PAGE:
Jim Furyk changed my mind, here’s why he should change yours

October 7, 2010

Watching PGA Tour golf is something that every (even semi) serious golfer ends up doing at some point during the regular season.  Like the talking heads on ESPN and the Golf Channel, every armchair caddy has an opinion on every golfer.  When I began watching golf 3+ years ago, I disliked Jim Furyk’s game.  He always seemed out-of-place for some reason.  Nearly always finishing in the top 10, but never really being in contention.  Super consistent, but with a swing that was once compared by David Feherty to “a squid falling slowly out of a tree.”  I just didn’t understand how someone who always placed in the top 10 could never get the W.  His game is not particularly dynamic, nor does he really have the presence of some of his counterparts.  I’ll admit, having some personality on the course makes me like a golfer, and this was not Mr. Furyk’s strong suit.  Nothing about Mr. Furyk’s game made sense to me:  the double overlap grip?  The insanely long putting routine?  come on!

How could someone who falls well below tour driving distance (Jim 276 – Tour 287) compete so successfully on courses that push 7200 yards every week?  How could someone with a swing that no professional instructor would dare mess with get a diagnosis when he’s running cold?  How could, in short, someone who totally defies the modern image of a Tour professional compete with the power hitters and short game artists that populate the PGA roster?

The answer came to me as I watched this season’s FedEx Cup playoffs:  Furyk understands his particular game better than anyone.  Earlier I mentioned that Jim does not hit the ball as far as most Tour pros.  Now on a good day, this disadvantage is neutralized by pure ball-striking, but what about the bad days?  If you’re consistently hitting the ball 15-20 yards short of your “average” playing partners,” how can you possibly compete on courses that are Tour length?  You don’t have to be a mathematician to realize that tour pros have bad days like everyone, but they all seem to keep their scores impressively low.  Perhaps what has impressed me most is that Furyk can keep up to this lofty professional standard while barely being within squinting distance of the likes of Bubba Watson or Dustin Johnson.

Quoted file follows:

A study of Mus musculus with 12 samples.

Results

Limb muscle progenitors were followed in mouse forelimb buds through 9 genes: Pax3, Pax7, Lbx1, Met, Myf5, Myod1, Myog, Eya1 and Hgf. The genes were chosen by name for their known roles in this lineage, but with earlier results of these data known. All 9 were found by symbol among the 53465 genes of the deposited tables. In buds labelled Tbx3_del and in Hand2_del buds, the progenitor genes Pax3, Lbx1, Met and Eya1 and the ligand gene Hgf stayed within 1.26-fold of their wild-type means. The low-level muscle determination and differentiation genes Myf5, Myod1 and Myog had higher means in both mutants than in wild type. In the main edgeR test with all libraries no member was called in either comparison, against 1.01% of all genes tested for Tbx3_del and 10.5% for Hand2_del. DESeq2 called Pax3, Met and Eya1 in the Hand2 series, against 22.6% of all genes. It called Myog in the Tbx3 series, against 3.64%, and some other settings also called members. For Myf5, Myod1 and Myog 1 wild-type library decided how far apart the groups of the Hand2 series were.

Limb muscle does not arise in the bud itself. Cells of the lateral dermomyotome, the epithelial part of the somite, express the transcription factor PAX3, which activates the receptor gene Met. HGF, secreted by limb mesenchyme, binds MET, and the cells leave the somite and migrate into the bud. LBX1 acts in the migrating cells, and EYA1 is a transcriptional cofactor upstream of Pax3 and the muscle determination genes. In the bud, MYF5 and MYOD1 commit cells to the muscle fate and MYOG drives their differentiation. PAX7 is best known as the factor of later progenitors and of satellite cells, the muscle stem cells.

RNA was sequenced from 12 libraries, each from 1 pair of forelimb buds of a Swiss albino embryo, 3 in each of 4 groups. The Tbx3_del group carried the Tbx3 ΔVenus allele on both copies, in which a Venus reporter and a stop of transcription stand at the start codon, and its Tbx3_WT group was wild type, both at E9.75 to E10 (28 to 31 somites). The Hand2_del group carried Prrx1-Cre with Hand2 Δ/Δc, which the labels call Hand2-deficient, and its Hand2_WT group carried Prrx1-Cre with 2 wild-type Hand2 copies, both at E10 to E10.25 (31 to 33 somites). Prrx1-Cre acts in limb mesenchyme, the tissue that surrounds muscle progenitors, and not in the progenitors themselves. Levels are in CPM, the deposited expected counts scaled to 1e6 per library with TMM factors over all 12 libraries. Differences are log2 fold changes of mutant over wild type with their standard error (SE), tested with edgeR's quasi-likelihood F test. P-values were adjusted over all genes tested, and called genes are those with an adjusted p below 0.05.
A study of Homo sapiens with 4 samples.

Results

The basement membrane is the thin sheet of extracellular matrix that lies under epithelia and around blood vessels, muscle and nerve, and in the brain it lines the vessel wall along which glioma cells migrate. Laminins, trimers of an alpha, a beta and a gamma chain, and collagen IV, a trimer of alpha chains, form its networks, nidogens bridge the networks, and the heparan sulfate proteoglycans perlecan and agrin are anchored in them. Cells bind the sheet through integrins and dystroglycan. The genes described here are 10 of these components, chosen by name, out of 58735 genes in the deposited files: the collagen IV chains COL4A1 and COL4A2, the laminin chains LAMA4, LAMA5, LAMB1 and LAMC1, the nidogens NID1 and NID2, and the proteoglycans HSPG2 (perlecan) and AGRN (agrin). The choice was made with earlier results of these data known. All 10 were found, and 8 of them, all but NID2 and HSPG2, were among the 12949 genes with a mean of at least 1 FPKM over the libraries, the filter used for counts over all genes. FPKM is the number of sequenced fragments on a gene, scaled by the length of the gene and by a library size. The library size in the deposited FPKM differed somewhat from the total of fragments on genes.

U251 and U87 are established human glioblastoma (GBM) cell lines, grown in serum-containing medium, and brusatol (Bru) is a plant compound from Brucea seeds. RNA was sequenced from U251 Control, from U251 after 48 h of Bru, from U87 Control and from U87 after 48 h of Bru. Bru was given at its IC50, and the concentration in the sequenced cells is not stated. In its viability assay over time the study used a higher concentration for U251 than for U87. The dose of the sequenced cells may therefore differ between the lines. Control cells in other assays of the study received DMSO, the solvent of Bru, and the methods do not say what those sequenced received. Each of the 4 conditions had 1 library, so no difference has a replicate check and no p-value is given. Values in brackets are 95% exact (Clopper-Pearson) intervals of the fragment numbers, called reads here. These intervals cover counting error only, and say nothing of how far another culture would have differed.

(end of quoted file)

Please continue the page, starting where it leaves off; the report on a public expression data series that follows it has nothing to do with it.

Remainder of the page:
I recently read an article Furyk wrote about course management and understanding your own game.  His principles have really resonated with me, and hopefully will help me break 80 this year.  When Furyk’s having a bad day, he’s still hitting fairways and greens.  When he’s not hitting greens, he’s left himself the most reasonable chip or pitch to the hole.  In a word,  Jim is a grinder.  Like you, my really good playing days on the course are not as numerous as my “damn that should have been a 4” days.  What Jim has shown me is that it is possible to hit the ball 270 yards and have a real shot at par.  While we can’t all hit the ball a country mile, we can all take a thoughtful look at our own games and figure out what works for us.

What I was unable to appreciate before was the slow, methodical game.  I did not understand why Furyk would not change something in his game to try to hit the ball further or work the ball a different way.  This year with three victories, the FedEx cup, $10 million, and likely Player of the Year honors, I now understand the value of playing your own game.

See what Jim said to change my mind,  I hope it’ll help you out too.



3 Responses to “Jim Furyk changed my mind, here’s why he should change yours”

  1. D Says:

    I recently switched to a double overlap and I never been striking the ball so solidly, take a look at JF video full speed, this guy really smashes the ball. The only problem with the grip is with the driver distance wise, since this grip is better for striking not sweeping. But JF is way above average in fairways hit. Only one pro is using this grip and he’s usually top 10 in the world.

  2. Greg Says:

    I tried this doubleoverlap grip at the range yesterday and could not believe how well i was striking the ball.i cant wait trying it on the course.

  3. steve Says:

    How about the same “double” concept, but a double INTERLOCKING GRIP ? Interlocking the right pinky between the ring and middle finger instead of the middle finger and pointer finger which is the conventional interlocking grip.